Diets high in ultra-processed fats increase the risk of battling muscle pain

TARRAGONA, Spain — Diets high in fats and sugars have been well connected to higher risks for obesity over the years, but a new study is now linking these foods to pain. Researchers in Spain say eating too much processed, fatty food can lead to the muscle nerves experiencing more inflammation.

A team from the Universitat Rovira i Virgili finds consuming a diet rich in fats and sugars from ultra-processed foods increases the number of inflammatory molecules in the body. This increases the excitability of muscle nerves, in a process called musculoskeletal neurotransmission.

Study authors examined a group of mice as they consumed either a typical cafeteria diet (high in added sugars) or a high-fat commercial diet for six weeks. The team calculated the amount of intramuscular fat cells (adipocytes) each mouse accumulated during this time. Using electromyography, a process of measuring electrical activity in muscle tissue, researchers then determined how much musculoskeletal neurotransmission each mouse was experiencing.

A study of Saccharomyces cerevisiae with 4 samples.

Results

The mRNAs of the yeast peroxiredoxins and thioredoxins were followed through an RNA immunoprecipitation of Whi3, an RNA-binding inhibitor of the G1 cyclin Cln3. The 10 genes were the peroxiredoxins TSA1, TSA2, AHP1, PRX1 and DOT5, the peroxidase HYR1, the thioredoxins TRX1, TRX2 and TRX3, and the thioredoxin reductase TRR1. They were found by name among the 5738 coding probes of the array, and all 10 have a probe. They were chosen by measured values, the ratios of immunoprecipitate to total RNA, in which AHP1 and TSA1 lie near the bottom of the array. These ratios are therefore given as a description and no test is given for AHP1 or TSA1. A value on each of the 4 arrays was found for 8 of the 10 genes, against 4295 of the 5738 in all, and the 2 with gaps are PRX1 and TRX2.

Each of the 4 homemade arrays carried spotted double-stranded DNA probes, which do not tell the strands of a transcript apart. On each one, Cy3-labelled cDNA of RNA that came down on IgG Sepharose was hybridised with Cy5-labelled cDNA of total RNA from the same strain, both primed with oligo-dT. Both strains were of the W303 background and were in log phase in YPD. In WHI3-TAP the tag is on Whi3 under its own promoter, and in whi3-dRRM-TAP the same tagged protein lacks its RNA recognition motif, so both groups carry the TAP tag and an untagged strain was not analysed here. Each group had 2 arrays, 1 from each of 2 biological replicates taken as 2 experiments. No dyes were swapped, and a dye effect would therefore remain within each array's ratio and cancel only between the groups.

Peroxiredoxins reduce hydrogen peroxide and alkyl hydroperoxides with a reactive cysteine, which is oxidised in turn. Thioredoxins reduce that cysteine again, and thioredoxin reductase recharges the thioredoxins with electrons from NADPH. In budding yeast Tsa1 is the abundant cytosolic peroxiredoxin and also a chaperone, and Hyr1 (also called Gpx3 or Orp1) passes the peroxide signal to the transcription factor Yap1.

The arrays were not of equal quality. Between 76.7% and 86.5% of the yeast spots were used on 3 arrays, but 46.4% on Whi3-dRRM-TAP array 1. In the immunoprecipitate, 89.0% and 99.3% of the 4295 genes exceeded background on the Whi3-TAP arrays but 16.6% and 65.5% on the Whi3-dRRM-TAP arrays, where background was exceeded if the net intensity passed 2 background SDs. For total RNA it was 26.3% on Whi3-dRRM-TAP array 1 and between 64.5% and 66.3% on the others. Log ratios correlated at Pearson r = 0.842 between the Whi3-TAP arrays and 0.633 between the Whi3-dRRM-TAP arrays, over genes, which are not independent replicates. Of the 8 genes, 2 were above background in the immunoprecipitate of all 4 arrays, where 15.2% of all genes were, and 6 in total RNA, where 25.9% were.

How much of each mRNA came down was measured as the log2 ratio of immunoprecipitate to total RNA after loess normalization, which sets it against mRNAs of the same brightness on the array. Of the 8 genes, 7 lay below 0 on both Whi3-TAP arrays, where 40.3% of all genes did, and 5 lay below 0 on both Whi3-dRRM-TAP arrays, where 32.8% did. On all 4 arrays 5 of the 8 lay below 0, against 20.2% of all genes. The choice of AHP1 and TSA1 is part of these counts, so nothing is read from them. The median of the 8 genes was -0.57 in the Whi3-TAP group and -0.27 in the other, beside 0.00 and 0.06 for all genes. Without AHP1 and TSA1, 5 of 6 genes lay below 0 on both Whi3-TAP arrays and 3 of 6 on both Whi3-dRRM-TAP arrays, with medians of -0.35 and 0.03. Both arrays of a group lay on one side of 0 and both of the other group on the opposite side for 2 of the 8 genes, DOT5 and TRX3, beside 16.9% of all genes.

The results reveal mice eating a cafeteria diet have more adipocytes in their muscles than those on a high-fat diet. Both groups however, displayed an increase in neuromuscular transmission levels which continued to last long after ending their diets.

It’s not the stress from extra weight causing muscle pain

Researchers say such diets, even when they only last six weeks, increases the development of muscle pain in the eater. Although the mice quickly returned to their normal weight, the pain caused by that food remained for several more weeks.

Researchers say Western cultures are particularly at risk since their obesity rates continue to climb. The study finds worldwide obesity rates have tripled between 1975 and 2016. By 2030, nearly 40 percent of the global population is expected to be overweight and 20 percent will be obese. These conditions are also some of the leading causes for developing more serious ailments such as diabetes, heart disease, metabolic syndrome, and musculoskeletal pain.

Scientists used to believe that most of the pain in obese or overweight patients was due to the added stress those extra pounds put on the joints. Study author Manel Santafe says in a media release this new report, “reveals an association between pain and overweight that is independent of mechanical overload and it is probable that it involves systemic phenomena of the organism.”

The study appears in the journal Nutrients.